A DRUG hailed as a breakthrough in extending the lives of men with late-stage prostate cancer is too expensive for use on the NHS, a watchdog said today.
Leading cancer experts said the decision over abiraterone (also called Zytiga) was a “huge blow” to patients with very few treatment options left.
Cancer Research UK said the draft decision by the National Institute for Health and Clinical Excellence (Nice) – which is still open to consultation – made “no sense”.
Abiraterone was developed by scientists at the Institute of Cancer Research (ICR) and the Royal Marsden in London after the discovery that some prostate cancers can produce their own testosterone. It works by blocking production of male hormones.
One trial of 1,200 patients showed men survived an average of four months longer and suffered far less pain with the drug, which it is claimed has changed the way scientists think about the disease.
But Nice has ruled that although the drug is effective, it is not good value for money for the NHS at the price set by the manufacturer Janssen.
Owen Sharp, chief executive of the Prostate Cancer Charity, said: “This draft decision is a bitter blow to thousands of men and their families – and must be overturned.
“The drug is one of the biggest breakthroughs in the treatment of the disease for many years and it will be devastating if this drug remains out of their reach when they need it the most.”
Prof Peter Johnson, Cancer Research UK’s chief clinician, said patients had been accessing abiraterone through the Cancer Drugs Fund set up by the Government to pay for treatments not approved by Nice.
“This decision makes no sense,” he said. “Since it became available in the UK, abiraterone has been one of the most requested treatments from the Cancer Drugs Fund.
“We need to find a way for it to be routinely available through the NHS. At the moment it is too expensive and Nice must find a better way to ensure drugs that are already working for patients get approved.”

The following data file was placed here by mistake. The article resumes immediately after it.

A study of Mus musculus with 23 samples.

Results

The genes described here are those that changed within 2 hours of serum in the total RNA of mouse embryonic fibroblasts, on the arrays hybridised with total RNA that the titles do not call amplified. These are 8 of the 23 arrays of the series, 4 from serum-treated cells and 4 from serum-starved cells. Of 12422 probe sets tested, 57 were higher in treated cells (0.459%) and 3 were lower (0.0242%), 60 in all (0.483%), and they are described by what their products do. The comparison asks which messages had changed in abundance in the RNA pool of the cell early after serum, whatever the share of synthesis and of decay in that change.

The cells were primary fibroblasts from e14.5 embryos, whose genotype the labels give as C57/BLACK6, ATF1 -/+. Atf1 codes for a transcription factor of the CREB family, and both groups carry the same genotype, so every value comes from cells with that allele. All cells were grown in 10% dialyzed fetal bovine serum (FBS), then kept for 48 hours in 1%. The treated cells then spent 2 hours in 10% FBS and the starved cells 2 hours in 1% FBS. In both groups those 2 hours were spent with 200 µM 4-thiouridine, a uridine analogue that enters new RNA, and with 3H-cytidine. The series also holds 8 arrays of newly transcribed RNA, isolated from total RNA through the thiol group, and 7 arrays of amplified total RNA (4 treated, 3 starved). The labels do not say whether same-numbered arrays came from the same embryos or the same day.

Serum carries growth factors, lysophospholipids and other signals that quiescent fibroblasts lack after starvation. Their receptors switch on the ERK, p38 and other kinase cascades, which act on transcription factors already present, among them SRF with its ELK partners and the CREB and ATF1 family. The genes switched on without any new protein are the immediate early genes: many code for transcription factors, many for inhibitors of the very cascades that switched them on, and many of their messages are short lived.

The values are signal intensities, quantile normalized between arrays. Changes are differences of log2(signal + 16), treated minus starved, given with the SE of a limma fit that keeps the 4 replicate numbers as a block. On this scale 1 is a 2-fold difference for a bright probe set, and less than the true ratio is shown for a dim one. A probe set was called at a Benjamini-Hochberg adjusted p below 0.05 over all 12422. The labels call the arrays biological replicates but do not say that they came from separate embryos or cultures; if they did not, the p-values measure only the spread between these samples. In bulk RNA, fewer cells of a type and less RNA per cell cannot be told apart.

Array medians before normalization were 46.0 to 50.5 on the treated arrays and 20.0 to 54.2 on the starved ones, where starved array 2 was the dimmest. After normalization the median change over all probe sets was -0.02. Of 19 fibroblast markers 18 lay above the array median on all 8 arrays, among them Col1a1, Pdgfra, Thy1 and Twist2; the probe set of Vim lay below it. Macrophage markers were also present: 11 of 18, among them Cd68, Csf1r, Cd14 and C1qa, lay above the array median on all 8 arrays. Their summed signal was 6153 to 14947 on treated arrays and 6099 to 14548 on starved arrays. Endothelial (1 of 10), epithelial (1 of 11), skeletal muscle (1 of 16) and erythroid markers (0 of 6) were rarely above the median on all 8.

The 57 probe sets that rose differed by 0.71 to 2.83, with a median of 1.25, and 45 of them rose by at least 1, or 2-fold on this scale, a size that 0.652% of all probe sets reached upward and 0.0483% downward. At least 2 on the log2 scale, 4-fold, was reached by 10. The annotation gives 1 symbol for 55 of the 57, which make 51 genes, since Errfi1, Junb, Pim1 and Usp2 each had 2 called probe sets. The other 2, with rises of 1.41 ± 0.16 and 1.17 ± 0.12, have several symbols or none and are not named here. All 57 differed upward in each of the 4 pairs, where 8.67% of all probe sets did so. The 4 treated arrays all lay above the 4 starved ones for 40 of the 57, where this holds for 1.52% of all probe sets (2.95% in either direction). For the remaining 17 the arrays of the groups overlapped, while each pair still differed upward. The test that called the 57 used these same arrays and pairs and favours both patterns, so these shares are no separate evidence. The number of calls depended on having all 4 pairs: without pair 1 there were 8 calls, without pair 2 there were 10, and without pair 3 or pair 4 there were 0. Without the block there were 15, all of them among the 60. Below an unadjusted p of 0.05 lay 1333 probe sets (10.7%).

The charity’s chief executive Harpal Kumar said: “We’re hugely frustrated that Nice felt the drug wasn’t good value for money. Generous public donations to Cancer Research UK and other organisations paid for the initial development of the drug and we feel extremely let down that the drug’s manufacturer couldn’t offer Nice a price they could agree on.
“Nice should take another look at the way they have reviewed the cost effectiveness of abiraterone. We hope this, and a revised offer from the manufacturer, will result in the drug being available to patients who desperately need it.”
An ICR spokeswoman it had developed four new drugs for men with advanced prostate cancer in recent years but none was routinely available on the NHS.
“With the real progress we are making towards personalised cancer medicine, it may be now time for a wider conversation about how we can make sure the right drugs are available for the right patients.”
Sir Andrew Dillon, chief executive of Nice, said one of the key benefits of abiraterone is that it can be taken orally at home.
“However, it is an expensive drug and the independent advisory committee that made this decision did not feel the drug provided enough benefit to patients to justify the price the NHS is being asked to pay, even with the discount that the manufacturer has offered,” he said.
Each year around 37,000 men in the UK are diagnosed with prostate cancer and 10,000 die from the disease.